Pandemic-related construction delays have some concerned that payment disputes could soon be on the rise in Ontario. From labour and material shortages to increased costs for supplies, there are several ongoing complications, that could spell trouble for Ontario’s construction industry.
With people spending more time at home since early 2020 and therefore spending less money on travel, the demand for home renovations has increased. However, border closures and tightened travel and shipping restrictions have led to construction delays. An increase in these issues could signal a storm of delay-related disputes. Below, we’ll look at some of the primary issues impacting construction, as well as the rules around prompt payment and dispute resolution in Ontario.
Mandatory Vaccines and Labour Shortages Threaten Ottawa Construction Projects
The City of Ottawa has mandated that all workers and contractors on city construction projects be fully vaccinated by November 1, 2021, with exceptions in limited medical circumstances. The policy was announced on September 7, leaving affected unvaccinated workers only one week to get their first dose in order to meet the deadline (including the waiting period between doses).
The National Capital Heavy Construction Association, which represents the heavy construction industry in the National Capital Region, has raised concerns with the rollout of this mandate and how it will impact workers. Specifically, the Association has questioned how workers’ health information will be collected and stored, how the policy will be enforced, and the extent of its application. For example, does this policy apply as far down the chain as drivers delivering supplies to construction sites? If a significant number of workers decline to follow the mandate, it could result in a shortage that will cause ongoing delays.
According to ConstructConnect, job vacancies in Canada’s construction industry grew from just under 40,000 at the end of 2020 to a record high of 46,370 in the first quarter of this year. This number could continue to climb as mandatory vaccine policies are enforced and challenged throughout the country.
In addition, global supply chain issues are also causing construction delays, for both large and small projects. Material shipments from overseas have slowed considerably, due to restrictions on transportation and manufacturing. This has resulted in problems for contractors when bidding on projects, as itis increasingly difficult to predict the timing and final cost of work.
Prompt Payment Rules and Construction Contract Dispute Resolution Through Ontario Dispute Adjudication for Construction Contracts (ODACC)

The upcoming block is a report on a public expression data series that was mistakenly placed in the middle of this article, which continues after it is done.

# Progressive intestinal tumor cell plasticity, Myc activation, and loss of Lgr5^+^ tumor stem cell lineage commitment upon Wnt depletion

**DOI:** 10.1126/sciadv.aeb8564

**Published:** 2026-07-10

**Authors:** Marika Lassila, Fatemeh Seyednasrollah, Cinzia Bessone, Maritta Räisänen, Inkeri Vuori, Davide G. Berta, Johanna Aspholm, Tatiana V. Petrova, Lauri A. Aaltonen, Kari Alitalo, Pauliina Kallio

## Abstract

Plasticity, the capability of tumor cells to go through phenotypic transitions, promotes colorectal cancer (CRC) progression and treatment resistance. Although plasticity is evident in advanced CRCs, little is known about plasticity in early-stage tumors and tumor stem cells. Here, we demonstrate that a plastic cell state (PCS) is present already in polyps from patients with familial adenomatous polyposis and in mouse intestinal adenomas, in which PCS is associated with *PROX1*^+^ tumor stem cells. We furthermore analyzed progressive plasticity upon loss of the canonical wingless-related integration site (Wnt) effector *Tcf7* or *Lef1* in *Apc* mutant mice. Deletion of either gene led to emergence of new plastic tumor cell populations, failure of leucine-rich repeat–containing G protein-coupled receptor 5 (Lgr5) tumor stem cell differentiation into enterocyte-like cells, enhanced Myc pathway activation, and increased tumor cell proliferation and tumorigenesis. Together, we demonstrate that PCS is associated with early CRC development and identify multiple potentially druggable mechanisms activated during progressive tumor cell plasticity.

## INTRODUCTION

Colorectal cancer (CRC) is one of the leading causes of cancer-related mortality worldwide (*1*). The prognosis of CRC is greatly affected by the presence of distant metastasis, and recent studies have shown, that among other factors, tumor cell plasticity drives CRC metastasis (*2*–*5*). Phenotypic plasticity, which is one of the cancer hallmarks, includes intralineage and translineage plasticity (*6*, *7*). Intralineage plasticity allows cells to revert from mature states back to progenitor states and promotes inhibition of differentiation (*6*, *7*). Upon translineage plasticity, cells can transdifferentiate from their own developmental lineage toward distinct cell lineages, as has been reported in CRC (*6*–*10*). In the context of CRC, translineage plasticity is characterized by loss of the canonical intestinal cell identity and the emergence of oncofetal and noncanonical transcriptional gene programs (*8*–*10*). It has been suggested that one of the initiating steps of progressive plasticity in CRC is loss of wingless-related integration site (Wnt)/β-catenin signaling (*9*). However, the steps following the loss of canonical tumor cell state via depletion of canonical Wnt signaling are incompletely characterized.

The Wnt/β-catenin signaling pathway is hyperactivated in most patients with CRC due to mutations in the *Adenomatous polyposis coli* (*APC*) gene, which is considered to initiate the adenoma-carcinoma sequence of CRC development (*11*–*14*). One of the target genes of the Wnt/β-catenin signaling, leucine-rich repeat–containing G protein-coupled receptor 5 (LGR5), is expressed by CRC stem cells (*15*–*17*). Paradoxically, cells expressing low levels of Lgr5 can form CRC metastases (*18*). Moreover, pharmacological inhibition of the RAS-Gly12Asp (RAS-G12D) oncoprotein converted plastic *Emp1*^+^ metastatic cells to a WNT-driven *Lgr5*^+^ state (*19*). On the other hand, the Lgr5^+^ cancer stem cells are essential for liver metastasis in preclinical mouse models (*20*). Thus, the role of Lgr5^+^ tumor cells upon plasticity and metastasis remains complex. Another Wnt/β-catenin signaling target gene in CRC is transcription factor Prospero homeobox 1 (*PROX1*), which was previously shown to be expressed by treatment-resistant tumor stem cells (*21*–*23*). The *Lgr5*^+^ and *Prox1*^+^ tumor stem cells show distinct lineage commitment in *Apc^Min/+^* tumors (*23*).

Construction often involves multiple parties, including a contractor and several subcontractors, each contributing work and materials to a project. When payment is delayed for one party, it can cause delays for all and may create a number of disputes. To avoid this, Ontario introduced prompt payment guidelines in 2019 which dictate the timing of payment under a construction contract.
The clock begins to run when a contractor has submitted an invoice for their work. Once submitted, the owner of the project has 28 days to make payment to the contractor, who then has seven days to pay their subcontractors.
Owners may deliver a Notice of Non-Payment in certain circumstances, which serves to suspend these deadlines. The owner, however, must provide detailed reasons for non-payment and pay all other amounts not related to the Notice within the prescribed timelines. If an owner does not comply with the prompt payment guidelines, contractors are free to begin the adjudication process to resolve the matter.
The Ontario Dispute Adjudication for Construction Contracts Process
Since 2019, disputes relating to construction contracts are conducted through the Ontario Dispute Adjudication for Construction Contracts process (ODACC). This adjudication process was introduced to quickly resolve construction disputes and ensure parties are paid in an efficient manner. The parties must follow strict time limitations in the dispute resolution process, after which a binding decision is rendered. This decision is as enforceable as a court order.
Adjudications are initiated by a claimant serving a Notice of Adjudication to the relevant responding parties, as well as to the Ontario Dispute Adjudication for Construction Contracts office. The responding parties then file a response to the Notice, and the parties begin the process of selecting their adjudicator. All ODACC adjudicators have experience in the construction industry. If the parties cannot agree on an adjudicator, they can ask ODACC to appoint one instead.
Adjudications are often held remotely, with each party submitting supporting documents for review. Some processes may take place in person and may require the parties and adjudicator to meet on the worksite to assess the circumstances. From the date the claimant submits their documents, the adjudicator has 30 days to make a binding determination. Once a decision is rendered, the responding parties have 10 days to make payment in accordance with the decision before the contractor is permitted to suspend performance of work under the contract.
Contact the Construction Lawyers at Tierney Stauffer LLP in Ottawa & Arnprior for Advice and Representation for Construction Law Matters
No matter your role in a construction project, the lawyers at Tierney Stauffer LLP will use their extensive experience to provide you with practical and effective advice in any construction law matter. We represent clients at all levels of the construction pyramid on both transactional and in dispute resolution or litigation, if necessary. Call us at 1-888-799-8057 or contact us online to set up a consultation with an experienced construction lawyer.